So, Rob Bell has a TV show coming out on December 21. This is the most long-awaited show in the history of Christendom. Ever since he moved from Grand Rapids, Michigan to Laguna Beach, California, from churchland to Hollywood, we’ve been waiting for his show. His first show — a drama — was shelved. His second show has been worked and reworked since it was filmed last summer. And now it’s coming out.
Also, he’s got a new book out.
So what do you supposed is the evangelical reaction to the amazing success of one of its own? To disown him, of course!
First, Books and Culture, a journal I used to hold in high esteem, published a totally lame “satire” of an editorial board meeting about Rob’s new book. It meant to be funny, but all it did was smell like sour grapes.
Then Sarah Pulliam Bailey, a journalist whom I still admire, published an article called, “What ever happened to Rob Bell, the pastor who questioned the gates of hell?” She writes,
Now, the man who built a church of an estimated 10,000 people isn’t even attending an organized church. Instead, he surfs the waves near Hollywood and has teamed up with the goddess of pop theology, Oprah Winfrey.
Exchanging his evangelical bona fides for the blessing of Oprah may yet prove to be his most unforgivable sin, at least in some circles. Which is not to say that Bell cares very much what anyone says these days.
Since when do you hand in your evangelical membership card when you do business with a television star?
What’s odd about this for me is how quickly evangelicals embrace Christian athletes, movie stars, and singers. If you’re a rock star and you love Jesus, prepare to be on the cover of Christian magazines. And don’t prepare for people to ask if you’re a universalist, because no one will.But if you’re a former pastor, prepare to be loathed. Maybe it’s professional jealousy, because surely it’s not theology. No way. If that were the case, then Books and Culture would have written satires mocking John Piper and T.D. Jakes long ago.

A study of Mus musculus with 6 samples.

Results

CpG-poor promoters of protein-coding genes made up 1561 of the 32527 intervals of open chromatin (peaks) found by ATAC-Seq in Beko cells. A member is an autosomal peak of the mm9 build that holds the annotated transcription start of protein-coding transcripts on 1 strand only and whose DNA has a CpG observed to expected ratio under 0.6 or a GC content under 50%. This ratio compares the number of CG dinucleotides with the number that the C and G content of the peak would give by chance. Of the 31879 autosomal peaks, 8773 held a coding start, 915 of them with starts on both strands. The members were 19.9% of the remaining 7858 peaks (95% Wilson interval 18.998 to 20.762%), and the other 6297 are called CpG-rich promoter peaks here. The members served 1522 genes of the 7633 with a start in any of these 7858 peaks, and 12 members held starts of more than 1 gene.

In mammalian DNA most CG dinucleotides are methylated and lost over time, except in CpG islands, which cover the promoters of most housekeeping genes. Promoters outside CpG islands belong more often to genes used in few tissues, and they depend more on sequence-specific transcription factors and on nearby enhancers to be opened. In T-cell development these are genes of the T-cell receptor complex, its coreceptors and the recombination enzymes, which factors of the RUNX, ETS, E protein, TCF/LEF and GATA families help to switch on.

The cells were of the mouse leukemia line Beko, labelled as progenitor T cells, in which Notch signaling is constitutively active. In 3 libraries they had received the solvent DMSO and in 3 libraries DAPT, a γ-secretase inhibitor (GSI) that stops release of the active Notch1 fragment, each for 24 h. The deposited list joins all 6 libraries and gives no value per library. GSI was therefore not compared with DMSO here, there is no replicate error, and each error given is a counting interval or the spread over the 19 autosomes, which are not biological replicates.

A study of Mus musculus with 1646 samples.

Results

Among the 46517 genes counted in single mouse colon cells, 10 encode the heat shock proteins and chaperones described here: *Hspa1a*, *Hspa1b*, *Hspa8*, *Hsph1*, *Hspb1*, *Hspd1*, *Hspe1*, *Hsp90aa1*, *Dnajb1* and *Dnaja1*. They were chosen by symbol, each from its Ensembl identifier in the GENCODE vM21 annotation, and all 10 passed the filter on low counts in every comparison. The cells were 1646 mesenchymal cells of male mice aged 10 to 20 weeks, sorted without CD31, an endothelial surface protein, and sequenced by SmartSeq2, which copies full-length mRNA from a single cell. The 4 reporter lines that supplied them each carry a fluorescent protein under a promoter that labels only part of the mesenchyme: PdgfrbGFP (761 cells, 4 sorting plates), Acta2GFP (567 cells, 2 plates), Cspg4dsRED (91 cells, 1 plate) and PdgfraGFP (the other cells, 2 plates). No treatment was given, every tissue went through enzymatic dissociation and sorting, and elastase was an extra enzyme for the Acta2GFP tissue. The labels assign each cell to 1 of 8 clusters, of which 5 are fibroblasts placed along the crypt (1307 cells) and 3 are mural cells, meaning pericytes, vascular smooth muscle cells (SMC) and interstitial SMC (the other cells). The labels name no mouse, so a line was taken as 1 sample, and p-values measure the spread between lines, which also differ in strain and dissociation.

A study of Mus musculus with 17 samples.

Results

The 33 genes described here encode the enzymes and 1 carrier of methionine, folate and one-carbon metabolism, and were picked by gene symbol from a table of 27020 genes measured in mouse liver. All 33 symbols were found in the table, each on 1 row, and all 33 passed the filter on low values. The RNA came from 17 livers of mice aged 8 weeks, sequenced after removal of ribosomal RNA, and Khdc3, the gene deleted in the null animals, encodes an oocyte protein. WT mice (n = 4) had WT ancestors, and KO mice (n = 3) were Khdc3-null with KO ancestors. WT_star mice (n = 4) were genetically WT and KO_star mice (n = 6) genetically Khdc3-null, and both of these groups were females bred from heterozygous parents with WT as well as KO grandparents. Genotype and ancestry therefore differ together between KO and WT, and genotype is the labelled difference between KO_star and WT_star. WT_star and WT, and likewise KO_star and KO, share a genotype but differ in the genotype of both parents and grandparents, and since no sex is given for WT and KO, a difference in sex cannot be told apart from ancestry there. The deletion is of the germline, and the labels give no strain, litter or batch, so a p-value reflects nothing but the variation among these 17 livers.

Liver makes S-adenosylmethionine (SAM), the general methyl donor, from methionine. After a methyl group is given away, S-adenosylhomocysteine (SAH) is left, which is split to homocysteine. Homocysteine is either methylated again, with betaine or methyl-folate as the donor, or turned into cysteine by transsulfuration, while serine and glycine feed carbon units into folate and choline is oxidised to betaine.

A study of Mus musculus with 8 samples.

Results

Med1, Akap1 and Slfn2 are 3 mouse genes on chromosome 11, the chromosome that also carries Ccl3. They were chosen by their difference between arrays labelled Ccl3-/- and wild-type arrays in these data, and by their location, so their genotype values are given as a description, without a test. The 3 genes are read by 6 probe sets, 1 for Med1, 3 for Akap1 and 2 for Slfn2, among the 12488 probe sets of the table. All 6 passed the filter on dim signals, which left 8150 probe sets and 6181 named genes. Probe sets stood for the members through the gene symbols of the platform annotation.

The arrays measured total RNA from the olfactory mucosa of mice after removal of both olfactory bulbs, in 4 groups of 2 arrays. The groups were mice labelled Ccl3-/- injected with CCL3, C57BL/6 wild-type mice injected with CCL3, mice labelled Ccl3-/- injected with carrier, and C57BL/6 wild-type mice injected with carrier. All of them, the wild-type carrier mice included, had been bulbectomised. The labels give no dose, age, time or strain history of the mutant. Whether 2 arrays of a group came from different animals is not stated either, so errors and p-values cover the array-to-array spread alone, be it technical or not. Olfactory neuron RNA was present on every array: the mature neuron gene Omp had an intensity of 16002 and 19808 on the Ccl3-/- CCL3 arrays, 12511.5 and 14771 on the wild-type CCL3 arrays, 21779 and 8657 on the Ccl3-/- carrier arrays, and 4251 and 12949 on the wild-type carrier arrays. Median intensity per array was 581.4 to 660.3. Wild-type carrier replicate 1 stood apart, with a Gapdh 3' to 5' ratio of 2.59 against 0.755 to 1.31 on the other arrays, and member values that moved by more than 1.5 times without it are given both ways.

If you’d rather read something by someone who understands what evangelicalism is really supposed to be, check out this post from Danielle Shroyer:
If Oprah calls you up and invites you to share your thoughts on your faith, what kind of a moron would you have to be to say no? Would evangelicals really rather someone NOT be talking about God? Is it really that dire? Is Rob Bell so bad, so different from you, that silence is the better option? Because that’s what evangelicals currently have with broader culture: silence. Crickets. The vast majority of America has tuned them out. What kind of special prize do evangelicals think they are getting by not connecting with the very people they say they want to reach?
As for me, I welcome Rob’s success. A rising tide lifts all boats. And maybe he’ll catalyze a conversation about meaning, truth, God, and scripture that will ripple out and touch all of us who care about such things.